At the crossroads of competition and R and D policy Introduction to the theory of group-exemption regulation
Behind the contraction in direct state support for research and development lie not only the budgetary consideration in the world economy, but the constraints placed on state intervention that distorts competition. The idea and practice of group-exemption regulation developed in the European Union, because it allows technical development to be encouraged without the direct financial cooperation of the state, by legalizing otherwise not generally unacceptable market collusion by firms conducting R and D. This regulatory system draws attention to some very important theoretical questions, since it involves a conflict between two underlying principles of the market economy: freedom of market competition and the protection of rights over intellectual property. The study does not undertake to survey the EU’s group-exemption regulations or the group-exemption system now being developed by Hungary. It seeks to address primarily some important theoretical aspects of this sphere of problems, and based on this, to analyse the market-theoretical background of R and D policy, something little discussed in Hungarian literature so far.
Empirical models of exchange rate target zones
Following the development of the first exchange rate target zone model at the end of the eighties dozens of papers analyzed theoretical and empirical topics of currency bands. This paper reviews different empirical methods to analyze the credibility of the band and lays special emphasis on the most widely used method, the so-called drift-adjustment method. Papers applying that method claim that while forecasting a freely floating currency is hopeless, predicting an exchange rate within the future band is successful. This paper shows that the results achieved by applications to EMS and Nordic currencies are not specific to data of target zone currencies. For example, application to US dollar and even to most unit root processes leads qualitatively to the same. This paper explores the solutions of this puzzle and shows a model of target zones in which the exchange rate within the band is not necessarily predictable since the process might follow chaotic dynamics before devaluation.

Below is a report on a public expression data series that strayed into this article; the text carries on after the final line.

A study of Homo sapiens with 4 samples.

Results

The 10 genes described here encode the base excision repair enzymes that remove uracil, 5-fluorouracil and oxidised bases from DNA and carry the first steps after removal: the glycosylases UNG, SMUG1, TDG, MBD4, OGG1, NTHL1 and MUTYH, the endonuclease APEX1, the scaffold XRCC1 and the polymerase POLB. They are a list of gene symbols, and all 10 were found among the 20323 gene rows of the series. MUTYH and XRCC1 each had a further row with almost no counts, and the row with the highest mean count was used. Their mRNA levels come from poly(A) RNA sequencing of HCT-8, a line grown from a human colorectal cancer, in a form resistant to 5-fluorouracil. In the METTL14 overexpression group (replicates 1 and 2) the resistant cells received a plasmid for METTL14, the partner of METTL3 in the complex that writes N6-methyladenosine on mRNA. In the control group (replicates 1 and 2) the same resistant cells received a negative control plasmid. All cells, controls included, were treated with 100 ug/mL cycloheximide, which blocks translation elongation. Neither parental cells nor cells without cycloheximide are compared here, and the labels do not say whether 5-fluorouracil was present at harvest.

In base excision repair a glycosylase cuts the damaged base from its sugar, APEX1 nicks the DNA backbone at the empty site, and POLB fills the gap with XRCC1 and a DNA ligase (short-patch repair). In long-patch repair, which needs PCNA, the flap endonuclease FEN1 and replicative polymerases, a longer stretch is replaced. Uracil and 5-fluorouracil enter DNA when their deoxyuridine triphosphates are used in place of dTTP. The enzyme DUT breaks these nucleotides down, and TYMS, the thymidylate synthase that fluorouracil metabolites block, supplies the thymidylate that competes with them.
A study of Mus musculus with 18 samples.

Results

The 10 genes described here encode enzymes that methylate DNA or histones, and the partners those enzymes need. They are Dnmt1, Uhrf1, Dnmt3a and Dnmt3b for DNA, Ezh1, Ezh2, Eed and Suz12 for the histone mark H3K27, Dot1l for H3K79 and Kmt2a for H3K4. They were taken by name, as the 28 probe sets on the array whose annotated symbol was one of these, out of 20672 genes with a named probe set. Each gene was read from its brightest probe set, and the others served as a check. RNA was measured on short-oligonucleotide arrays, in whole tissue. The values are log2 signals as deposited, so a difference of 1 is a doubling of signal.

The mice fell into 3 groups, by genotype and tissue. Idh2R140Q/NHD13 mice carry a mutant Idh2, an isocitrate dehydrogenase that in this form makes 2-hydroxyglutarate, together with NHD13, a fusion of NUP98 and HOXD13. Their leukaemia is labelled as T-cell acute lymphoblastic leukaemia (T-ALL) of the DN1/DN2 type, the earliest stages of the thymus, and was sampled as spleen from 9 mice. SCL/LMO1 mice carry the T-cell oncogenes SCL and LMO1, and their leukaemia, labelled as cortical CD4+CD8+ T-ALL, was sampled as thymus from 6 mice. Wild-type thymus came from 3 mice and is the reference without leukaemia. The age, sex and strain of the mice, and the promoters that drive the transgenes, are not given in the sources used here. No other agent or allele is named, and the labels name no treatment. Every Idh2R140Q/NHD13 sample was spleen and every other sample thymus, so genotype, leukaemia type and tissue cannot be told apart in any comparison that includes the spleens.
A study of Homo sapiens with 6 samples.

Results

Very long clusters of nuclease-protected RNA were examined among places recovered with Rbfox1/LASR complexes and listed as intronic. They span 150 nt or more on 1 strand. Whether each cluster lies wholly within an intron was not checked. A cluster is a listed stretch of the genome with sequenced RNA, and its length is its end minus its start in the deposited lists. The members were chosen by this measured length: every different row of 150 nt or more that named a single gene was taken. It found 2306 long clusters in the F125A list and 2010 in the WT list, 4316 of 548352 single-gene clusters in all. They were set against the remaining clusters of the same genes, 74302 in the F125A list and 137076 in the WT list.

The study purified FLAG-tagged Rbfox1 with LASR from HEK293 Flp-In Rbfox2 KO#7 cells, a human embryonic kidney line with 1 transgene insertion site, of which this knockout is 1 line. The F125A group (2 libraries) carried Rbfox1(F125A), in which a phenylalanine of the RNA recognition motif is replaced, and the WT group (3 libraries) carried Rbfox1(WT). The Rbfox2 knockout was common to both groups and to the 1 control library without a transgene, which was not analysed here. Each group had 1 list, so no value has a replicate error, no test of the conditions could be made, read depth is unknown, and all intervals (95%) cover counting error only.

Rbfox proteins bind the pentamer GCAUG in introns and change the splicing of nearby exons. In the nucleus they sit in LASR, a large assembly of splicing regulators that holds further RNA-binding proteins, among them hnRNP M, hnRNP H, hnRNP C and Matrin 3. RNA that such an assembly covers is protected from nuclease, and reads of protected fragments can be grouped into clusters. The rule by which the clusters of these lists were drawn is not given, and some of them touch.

Job creation in micro enterprises
There is worldwide debate about whether micro firms can create jobs and contribute to reducing unemployment, or whether their continuing reproduction just provides a livelihood for their owners. The first part of the study uses Hungarian and international examples to examine the various means by which governments encourage the spread of self-employment and the founding and consolidation of small businesses. The second part, drawing on the findings of several Hungarian sociological surveys, sets out to present the ability of micro firms to increase their workforce and the factors that affect this ability.
The effects of introducing the euro on the economy of EMU and Hungary
Development of the single European currency area could trigger significant realignments in the cross rates between leading currencies, in international trade, in financial transactions, in the integration of capital markets, and in capital flows. The existence of the euro area alters the growth prospects of the countries affected, the structural characteristics of the individual economies, and the openness of the real economy and the money markets. The single currency also brings changes in the economies linked with the euro area. The article examines the likely short and long-term macroeconomic and structural effects exerted by the single European currency area on the economy of the Economic and Monetary Union and on the Hungarian economy, which is closely linked to it. The analysis concentrates on growth prospects, likely changes in the scale of capital markets and the direction of capital flows, developments in exchange rates and the exchange-rate system, and effects on the financial and corporate sector.
Hungary’s integration into the system of international non-cash payments from the 19th century to the inter-war period
The subject of this study is integration of the centres of non-cash payment traffic and supraregional money markets. Used to present this are the discount-rate quotations on the various money markets (still in a very general sense)—the discount rates actually applied between money and bill markets of more than regional importance, involved in international payment transactions, at a specific time and in a specific geographical area, in this case East-Central, East and South-East Europe.